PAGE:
If Trump wins the election, we deserve Trump.
Posting about Trump on social media — as I frequently do — is so deeply pointless. The people who will vote Trump? I don’t understand them. On such a deep level, I don’t understand how voting for someone I perceive as little more than a megalomaniac playground bully is a thing someone can even consider.
But the real problem with not understanding is that it’s hard to muster empathy with someone you don’t understand. I never spoke with anyone who voted for Brexit about why. I don’t think I know any Trump supporters. I’m hyper aware that the ‘us and them’ mentality that’s sparking up around this election is dividing people even further, at a time when we need to help, understand and tolerate more than ever before.
Nobody does anything that doesn’t make sense to them. People who will vote for Trump in November (and who voted for Brexit a few months ago) do so because from their point of view, with their life experiences and their knowledge, that’s a sensible thing to do. Given their context, situation, and background, voting for Trump makes perfect, 100% sense.
The only way to convince someone to vote the other way isn’t to show them why the rest of the world sees Trump as a scary, narcissistic person whose presidency will be a disaster for the country. Convincing someone to vote differently is to examine and change the underlying reasons why they would have voted Trump. The scary thing? November is very close, and you can’t change generations worth of mistreatment in weeks. You can’t change and educate years of xenophobia, feelings of disparity, and a deep-rooted skepticism of the establishment in days. You can’t invest a short span of time and expect to start a grassroots movement de-radicalizing the religious right into embracing (ironically…) compassion and a love for one’s fellow man.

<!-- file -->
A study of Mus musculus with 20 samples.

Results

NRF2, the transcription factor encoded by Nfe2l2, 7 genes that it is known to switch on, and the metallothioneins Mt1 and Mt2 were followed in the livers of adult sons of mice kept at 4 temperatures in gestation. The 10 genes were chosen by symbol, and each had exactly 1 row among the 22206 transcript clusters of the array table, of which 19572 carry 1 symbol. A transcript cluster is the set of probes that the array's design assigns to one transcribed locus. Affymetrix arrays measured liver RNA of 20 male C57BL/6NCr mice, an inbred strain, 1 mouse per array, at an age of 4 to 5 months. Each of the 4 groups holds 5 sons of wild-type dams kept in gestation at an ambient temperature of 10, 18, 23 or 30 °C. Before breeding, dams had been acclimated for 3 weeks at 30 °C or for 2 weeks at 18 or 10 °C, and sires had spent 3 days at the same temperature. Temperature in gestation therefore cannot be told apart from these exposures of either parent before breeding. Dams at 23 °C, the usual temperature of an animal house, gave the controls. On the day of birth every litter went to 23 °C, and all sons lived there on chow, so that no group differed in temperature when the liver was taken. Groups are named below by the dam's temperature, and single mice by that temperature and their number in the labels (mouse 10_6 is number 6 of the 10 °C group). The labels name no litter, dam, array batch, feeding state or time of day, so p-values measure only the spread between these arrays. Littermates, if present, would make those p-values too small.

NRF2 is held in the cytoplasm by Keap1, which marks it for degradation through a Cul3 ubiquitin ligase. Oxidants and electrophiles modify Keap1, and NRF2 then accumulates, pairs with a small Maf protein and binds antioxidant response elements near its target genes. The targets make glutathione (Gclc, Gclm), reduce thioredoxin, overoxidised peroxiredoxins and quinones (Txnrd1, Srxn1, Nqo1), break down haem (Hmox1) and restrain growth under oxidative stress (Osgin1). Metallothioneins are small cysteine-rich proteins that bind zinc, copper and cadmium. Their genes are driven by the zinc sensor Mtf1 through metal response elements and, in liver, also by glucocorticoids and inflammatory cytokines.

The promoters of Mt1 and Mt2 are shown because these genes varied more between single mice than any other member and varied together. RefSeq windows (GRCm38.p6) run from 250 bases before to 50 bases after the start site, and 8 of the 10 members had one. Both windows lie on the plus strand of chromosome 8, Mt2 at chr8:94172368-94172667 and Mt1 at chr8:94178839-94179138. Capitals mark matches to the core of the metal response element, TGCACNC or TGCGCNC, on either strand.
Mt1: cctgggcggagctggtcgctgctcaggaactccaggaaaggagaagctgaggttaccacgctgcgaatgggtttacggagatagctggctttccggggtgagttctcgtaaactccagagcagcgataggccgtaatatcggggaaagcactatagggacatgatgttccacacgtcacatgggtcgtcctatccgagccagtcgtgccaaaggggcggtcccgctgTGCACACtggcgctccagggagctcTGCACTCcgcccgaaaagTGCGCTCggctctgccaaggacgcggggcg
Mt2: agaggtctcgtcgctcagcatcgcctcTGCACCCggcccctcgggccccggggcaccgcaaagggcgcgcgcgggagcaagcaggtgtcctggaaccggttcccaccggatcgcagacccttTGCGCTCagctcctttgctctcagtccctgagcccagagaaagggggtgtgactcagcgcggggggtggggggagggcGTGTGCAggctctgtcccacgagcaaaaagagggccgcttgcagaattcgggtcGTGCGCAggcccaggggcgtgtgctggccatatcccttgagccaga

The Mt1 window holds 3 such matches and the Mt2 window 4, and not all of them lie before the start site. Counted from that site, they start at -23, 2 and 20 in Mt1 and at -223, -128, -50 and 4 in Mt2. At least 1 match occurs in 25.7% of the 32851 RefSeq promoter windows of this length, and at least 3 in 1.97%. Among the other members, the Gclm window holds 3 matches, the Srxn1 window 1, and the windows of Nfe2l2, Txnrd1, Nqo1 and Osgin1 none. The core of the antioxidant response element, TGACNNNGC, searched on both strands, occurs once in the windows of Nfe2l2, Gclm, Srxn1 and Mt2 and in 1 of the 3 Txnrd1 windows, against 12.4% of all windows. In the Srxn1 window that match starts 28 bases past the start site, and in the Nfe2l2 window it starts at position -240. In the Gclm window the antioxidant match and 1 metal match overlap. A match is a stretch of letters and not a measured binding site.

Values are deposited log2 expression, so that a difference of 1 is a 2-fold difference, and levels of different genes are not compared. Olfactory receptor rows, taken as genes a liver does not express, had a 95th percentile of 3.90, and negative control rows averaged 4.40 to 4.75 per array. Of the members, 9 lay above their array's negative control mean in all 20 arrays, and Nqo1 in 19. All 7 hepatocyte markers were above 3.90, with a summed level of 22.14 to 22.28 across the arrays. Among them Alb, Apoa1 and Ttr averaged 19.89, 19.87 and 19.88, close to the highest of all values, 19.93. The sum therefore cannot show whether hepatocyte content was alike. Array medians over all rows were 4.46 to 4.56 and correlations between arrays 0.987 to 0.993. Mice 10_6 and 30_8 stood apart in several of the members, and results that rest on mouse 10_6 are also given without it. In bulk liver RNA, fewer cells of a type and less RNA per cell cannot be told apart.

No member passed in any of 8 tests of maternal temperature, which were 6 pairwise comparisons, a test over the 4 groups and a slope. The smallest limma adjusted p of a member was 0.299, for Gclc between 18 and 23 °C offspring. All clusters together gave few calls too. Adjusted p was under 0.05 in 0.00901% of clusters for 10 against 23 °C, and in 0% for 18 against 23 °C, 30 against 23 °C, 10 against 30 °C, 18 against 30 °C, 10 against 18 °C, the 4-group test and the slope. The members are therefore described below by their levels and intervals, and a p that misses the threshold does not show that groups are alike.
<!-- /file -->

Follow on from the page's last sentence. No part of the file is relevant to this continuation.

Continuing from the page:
If Trump is elected, this is on everyone. It’s on you. On me. On decades of a severely broken school system. On a lack of empathy for the plight of the have-nots from the haves. On an acceptance of hatred, bigotry, and a failure to challenge people who slide away from society as it stands.
November 2016 changes nothing.
If a Trump isn’t elected, the problem doesn’t go away. It gets pushed to the back of our minds for four years, until the next fringe politician whips us into a frenzy once again. We can’t let that happen.
When Trump loses, we need to spend the next four years — and beyond — investing in empathy. We need to get to know people who are so desperate that the only solution they see is to vote for Trump. Because honestly; as a society, we are better than that. We should be better than that. If we aren’t, well, here’s the truly horrifying thought: maybe we deserve Trump.